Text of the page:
A pending supplemental budget bill that is nearing a negotiated agreement between the House and Senate contains an issue that hasn’t gotten a lot of attention at the statehouse — but has generated plenty of controversy in Minneapolis and St. Paul.
The conference committee is close to a deal on reconciling omnibus bills — House File 4099 and Senate File 3656 — with dozens and dozens of spending and other issues embedded within them. One of the provisions creates what is termed a two-tiered wage system for the state’s minimum wage law. Activists in Minneapolis last summer and St. Paul this summer know it by other terms: the tip credit or tip penalty.
Minnesota is one of just seven states that doesn’t allow employers of tipped workers to count tips when calculating when minimum wage requirements are met. Minneapolis’ local minimum wage ordinance makes no distinction between tipped and un-tipped workers.
And while St. Paul is still considering details surrounding a local minimum wage, St. Paul Mayor Melvin Carter has come out against a tip credit.
But should the minimum wage provision end up in whatever supplemental spending bill reaches Gov. Mark Dayton, and should he end up signing it, the issue would be mostly moot at the local level.
Debate in the Twin Cities
The idea of a two-tiered minimum wage was controversial in Minneapolis and continues to be in St. Paul. Many tipped workers and restaurant owners pushed for the credit, arguing that tipped workers tend to make more than other restaurant workers and that restaurants would be financially stressed if they had to pay servers and bartenders even more than they already make with tips.
Opponents of the tip credit maintain that restaurant workers in states with what they call “One Fair Wage” are treated more fairly. And they cite incidences of wage theft where restaurant owners do not make up the difference between the lower minimum wage that tipped workers start at and the higher wages they must reach with their tips.
In testimony before a House committee last month, Minnesota AFL-CIO President Bill McCarthy said that the tip differential was removed by the Legislature in 1984. But it has become a regular part of the discussion on minimum wage.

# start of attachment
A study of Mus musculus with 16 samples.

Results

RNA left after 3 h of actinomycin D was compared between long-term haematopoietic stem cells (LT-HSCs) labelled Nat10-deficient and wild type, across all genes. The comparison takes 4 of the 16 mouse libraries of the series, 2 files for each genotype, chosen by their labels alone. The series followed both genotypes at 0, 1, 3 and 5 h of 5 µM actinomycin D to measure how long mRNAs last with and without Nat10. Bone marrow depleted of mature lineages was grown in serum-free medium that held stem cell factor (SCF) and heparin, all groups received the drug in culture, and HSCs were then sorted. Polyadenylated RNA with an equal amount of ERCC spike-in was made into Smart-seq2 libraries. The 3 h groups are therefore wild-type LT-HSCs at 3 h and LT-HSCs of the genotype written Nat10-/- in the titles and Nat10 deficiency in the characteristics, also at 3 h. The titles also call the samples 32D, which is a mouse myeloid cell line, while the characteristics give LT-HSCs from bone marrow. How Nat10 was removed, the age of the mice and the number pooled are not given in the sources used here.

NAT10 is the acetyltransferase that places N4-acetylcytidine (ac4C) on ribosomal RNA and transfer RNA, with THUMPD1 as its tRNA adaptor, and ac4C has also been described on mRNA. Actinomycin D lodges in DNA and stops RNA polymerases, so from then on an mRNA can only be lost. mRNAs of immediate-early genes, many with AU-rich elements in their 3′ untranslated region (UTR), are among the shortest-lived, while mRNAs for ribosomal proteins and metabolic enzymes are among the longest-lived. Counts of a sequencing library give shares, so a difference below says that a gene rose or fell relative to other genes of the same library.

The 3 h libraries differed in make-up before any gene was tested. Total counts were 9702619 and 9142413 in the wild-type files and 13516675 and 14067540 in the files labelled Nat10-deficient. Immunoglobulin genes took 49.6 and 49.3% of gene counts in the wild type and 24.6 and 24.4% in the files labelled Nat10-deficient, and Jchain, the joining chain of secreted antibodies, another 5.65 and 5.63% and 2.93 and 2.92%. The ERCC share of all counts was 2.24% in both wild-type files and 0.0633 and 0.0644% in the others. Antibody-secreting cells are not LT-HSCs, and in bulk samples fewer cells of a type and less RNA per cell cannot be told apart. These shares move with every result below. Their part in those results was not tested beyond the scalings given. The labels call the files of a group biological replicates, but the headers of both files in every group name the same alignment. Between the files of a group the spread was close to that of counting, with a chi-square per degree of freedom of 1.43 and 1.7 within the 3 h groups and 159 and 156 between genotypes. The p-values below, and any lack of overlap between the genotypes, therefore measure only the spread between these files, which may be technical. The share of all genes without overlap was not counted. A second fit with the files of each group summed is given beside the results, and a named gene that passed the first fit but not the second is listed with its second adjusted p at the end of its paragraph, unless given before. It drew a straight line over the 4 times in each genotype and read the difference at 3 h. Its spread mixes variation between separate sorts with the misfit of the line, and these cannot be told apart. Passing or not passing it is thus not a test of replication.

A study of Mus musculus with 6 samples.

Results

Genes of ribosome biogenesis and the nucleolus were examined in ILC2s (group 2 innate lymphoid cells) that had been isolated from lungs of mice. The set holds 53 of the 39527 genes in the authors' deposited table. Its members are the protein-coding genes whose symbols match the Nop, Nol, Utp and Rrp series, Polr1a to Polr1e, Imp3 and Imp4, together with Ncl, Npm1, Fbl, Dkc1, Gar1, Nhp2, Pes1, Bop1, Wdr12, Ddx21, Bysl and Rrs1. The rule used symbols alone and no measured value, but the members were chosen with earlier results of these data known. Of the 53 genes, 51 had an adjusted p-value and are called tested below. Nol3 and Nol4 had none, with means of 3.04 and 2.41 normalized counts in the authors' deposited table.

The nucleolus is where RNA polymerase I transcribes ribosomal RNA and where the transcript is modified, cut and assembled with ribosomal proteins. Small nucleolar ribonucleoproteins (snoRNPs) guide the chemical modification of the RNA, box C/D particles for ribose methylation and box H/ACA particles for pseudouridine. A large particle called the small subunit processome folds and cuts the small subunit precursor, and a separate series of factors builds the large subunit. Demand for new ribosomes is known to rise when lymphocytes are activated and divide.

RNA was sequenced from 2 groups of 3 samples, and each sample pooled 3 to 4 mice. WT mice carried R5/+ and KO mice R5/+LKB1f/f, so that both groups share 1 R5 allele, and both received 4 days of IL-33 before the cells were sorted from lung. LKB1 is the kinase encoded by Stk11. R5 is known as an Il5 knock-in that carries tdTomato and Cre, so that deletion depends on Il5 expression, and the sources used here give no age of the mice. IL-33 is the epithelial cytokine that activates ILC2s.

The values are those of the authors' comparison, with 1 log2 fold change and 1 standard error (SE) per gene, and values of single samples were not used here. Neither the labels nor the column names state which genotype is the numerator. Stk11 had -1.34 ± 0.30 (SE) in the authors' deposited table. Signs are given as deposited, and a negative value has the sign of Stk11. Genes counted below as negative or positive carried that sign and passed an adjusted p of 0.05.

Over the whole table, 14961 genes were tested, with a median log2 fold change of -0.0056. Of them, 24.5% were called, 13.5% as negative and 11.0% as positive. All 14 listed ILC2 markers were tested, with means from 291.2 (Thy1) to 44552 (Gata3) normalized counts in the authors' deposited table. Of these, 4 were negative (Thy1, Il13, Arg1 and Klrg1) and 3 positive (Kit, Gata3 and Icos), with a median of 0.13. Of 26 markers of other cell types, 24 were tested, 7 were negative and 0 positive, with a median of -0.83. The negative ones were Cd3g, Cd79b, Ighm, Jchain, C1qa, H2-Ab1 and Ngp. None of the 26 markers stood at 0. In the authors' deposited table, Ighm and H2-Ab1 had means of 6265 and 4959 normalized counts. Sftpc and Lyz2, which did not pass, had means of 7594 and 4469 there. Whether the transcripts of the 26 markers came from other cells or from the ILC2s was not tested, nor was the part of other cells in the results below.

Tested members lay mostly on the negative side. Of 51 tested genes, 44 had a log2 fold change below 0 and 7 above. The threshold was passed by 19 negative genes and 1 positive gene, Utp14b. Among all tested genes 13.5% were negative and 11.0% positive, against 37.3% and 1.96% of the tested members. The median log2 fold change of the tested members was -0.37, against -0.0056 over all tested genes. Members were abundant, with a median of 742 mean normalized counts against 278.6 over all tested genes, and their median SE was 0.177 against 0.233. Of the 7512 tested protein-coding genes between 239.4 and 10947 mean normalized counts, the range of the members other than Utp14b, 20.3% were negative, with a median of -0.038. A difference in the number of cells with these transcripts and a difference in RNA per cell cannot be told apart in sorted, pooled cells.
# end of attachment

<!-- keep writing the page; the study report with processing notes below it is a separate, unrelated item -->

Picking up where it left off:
“Here we are again,” McCarthy said.
“This is not an industry in crisis,” Wade Luneberg, secretary-treasurer of the UNITE-HERE union told the same committee. “The industry wants this exception because they want it.” But Luneberg said tips are a contract between the server and the customer, not the owner of the restaurant.
Opponents of a tip credit also raised concerns that making servers dependent on tips contributes to harassment of servers who are overwhelmingly female. Opposition to a tip credit became something of a litmus test for Minneapolis council members and mayoral candidates during the 2017 election. Similar pressures from activists led by $15 Now are being brought on the St. Paul Council.
And worker advocates in other states have been campaigning to have two-tiered wage systems eliminated in favor of a system without tip credits. A national organization — the Restaurant Opportunities Center — has made one fair wage a centerpiece of its work.
Tip credit boards the omnibus
Rep. Pat Garofalo — along with Rep. Joe McDonald, R-Delano — was the author of a separate House bill (HF 4061) this session to introduce a two-tiered minimum age in Minnesota. That bill received a hearing only in the House. After hearing testimony from restaurant owners and some servers in favor and from labor advocates who opposed, the bill was set aside for possible inclusion in a future omnibus bill. It has now been included in the supplmental budget omnibus bill, and Garofalo is a member of the conference committee.
Garofalo, R-Farmington, said he heard testimony from restaurant workers who fear wage loses and job losses due to the economic pressures put on restaurant owners who have to increase pay for all workers, including those already making well above the minimum wage. He said it could lead to restaurants shifting away from table service toward counter service or other formats that require fewer servers.
“Switching from table service to counter service means lower costs for the business but it means fewer high-wage, tipped employees,” he said. “That’s why some of these tipped employees are so aggressively advocating for it.”
Under the provisions in the current bill, a tipped worker would make at least $12 an hour for smaller businesses and $14 an hour for larger businesses. But an employer could count that worker’s tips to cover the difference between the state’s regular minimum wage rate and those higher levels. Only workers who make at least $30 a month in tips would be covered by these rules.
While it is likely that the minimum-wage changes will clear the House and Senate, at least the first time around, Dayton’s acceptance is less assured. His Department of Labor and Industry commissioner, Ken Peterson, opposed the House bill in committee. Dayton could, however, end up having to decide whether blocking the change is worth vetoing the entire supplemental budget measure. UPDATE: Dayton Friday afternoon included the provision on a list of 117 items he doesn’t like in GOP omnibus bills, listing it among language “that needs to come out.“
“I’m pretty confident this is going to be signed into law,” Garafolo said.
Should Dayton end up vetoing the supplemental budget bill, Garofalo said he thinks it will be due to some other provisions inside, not the two-tiered wage issue.
Earlier this week, a delegation of members of a pro-tip credit group — Restaurant Workers of America — met with a senior Dayton staffer to make the case for the McDonald-Garafolo language, said RWA national president Jennifer Schellenberg, a Minneapolis bartender.